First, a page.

The Sixth Man
There's something truly contemptible about making a bad film and then trying to shield yourself from ridicule and derision by infusing it with enough moralizing to choke the Pope.
At this point in the evolution of the tired, stupid genre of sports films, the only story I'm willing to tolerate is one in which a group of soccer donkeys decapitates the writer of "The Sixth Man" and uses his head as a game ball. For God's sake, how many of these films do we have to put up with? Did someone think "Angels in the Outfield" failed only because it wasn't set on a basketball court?
Since shameless copycatting doesn't satisfy him, director Randall ("Houseguest") Miller is also hell-bent on moralizing like some back-alley preacher. Once Antoine Tyler (Kadeem Hardison) dies and starts helping brother Kenny (Marlon Wayans) and the Washington Huskies win basketball games, Miller actually has the gall to bring up the issue of cheating just before the national championship game. Members of the team gather around and claim they don't want to win the game by unfair means -- despite the fact that the only reason they're in a position to do so is because they've spent most of the season exploiting the powers of the undead. Nice try, but if there's anything worse than a cheater, it's a hypocrite cheater.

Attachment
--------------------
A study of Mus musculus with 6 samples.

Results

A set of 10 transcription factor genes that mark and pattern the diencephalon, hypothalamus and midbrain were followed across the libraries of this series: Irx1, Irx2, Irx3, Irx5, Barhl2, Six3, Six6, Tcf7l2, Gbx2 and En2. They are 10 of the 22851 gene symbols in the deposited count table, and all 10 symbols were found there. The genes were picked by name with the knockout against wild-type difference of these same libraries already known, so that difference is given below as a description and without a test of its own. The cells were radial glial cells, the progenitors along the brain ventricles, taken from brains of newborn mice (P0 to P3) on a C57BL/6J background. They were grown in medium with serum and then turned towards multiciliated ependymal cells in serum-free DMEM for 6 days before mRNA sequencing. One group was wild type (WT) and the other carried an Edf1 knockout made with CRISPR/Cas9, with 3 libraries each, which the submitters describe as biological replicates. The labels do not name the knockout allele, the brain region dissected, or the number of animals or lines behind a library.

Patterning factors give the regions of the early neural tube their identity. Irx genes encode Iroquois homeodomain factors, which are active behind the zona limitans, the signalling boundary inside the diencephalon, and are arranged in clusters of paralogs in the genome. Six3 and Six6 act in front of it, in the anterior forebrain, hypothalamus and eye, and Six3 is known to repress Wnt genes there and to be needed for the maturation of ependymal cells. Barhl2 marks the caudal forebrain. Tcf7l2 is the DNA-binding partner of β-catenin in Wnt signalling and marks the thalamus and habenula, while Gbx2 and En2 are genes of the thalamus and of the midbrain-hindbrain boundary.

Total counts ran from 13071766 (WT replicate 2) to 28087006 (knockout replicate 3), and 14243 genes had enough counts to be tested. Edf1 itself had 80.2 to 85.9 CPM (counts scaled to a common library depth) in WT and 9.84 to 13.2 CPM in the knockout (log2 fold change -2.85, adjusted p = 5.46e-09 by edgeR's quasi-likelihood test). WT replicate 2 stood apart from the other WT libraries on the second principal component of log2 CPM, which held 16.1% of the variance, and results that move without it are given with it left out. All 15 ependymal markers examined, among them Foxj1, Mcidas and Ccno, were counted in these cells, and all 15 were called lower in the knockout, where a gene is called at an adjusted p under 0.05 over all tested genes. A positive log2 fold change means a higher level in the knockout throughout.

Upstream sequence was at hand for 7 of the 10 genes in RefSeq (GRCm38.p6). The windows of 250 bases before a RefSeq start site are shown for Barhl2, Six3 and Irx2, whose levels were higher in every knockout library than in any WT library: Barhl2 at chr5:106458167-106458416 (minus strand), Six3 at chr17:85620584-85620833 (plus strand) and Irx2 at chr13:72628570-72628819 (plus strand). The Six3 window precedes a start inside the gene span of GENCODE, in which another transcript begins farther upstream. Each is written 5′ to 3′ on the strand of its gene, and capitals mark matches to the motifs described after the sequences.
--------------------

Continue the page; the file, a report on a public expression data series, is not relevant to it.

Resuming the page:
There's something truly contemptible about making a bad film and then trying to shield yourself from ridicule and derision by infusing it with enough moralizing to choke the Pope. Everybody has their life lesson to learn. Kenny learns to be his own person. His love interest, journalist R.C. St. John (Michael Michele) learns not to sell her soul for a story. The players learn to believe in themselves. Antoine learns that he was a crappy human being. Mr. Cranky learned that his two hours would have been better spent eating Styrofoam.
The whole context of the story makes you wonder about the sanity of the filmmakers. Antoine has a heart attack on the court. With the deaths of Len Bias and Hank Gathers, one would expect a writer to think twice about exploiting their deaths for some light-hearted comedy. Then again, perhaps the Oklahoma City bombing is just screaming for a musical.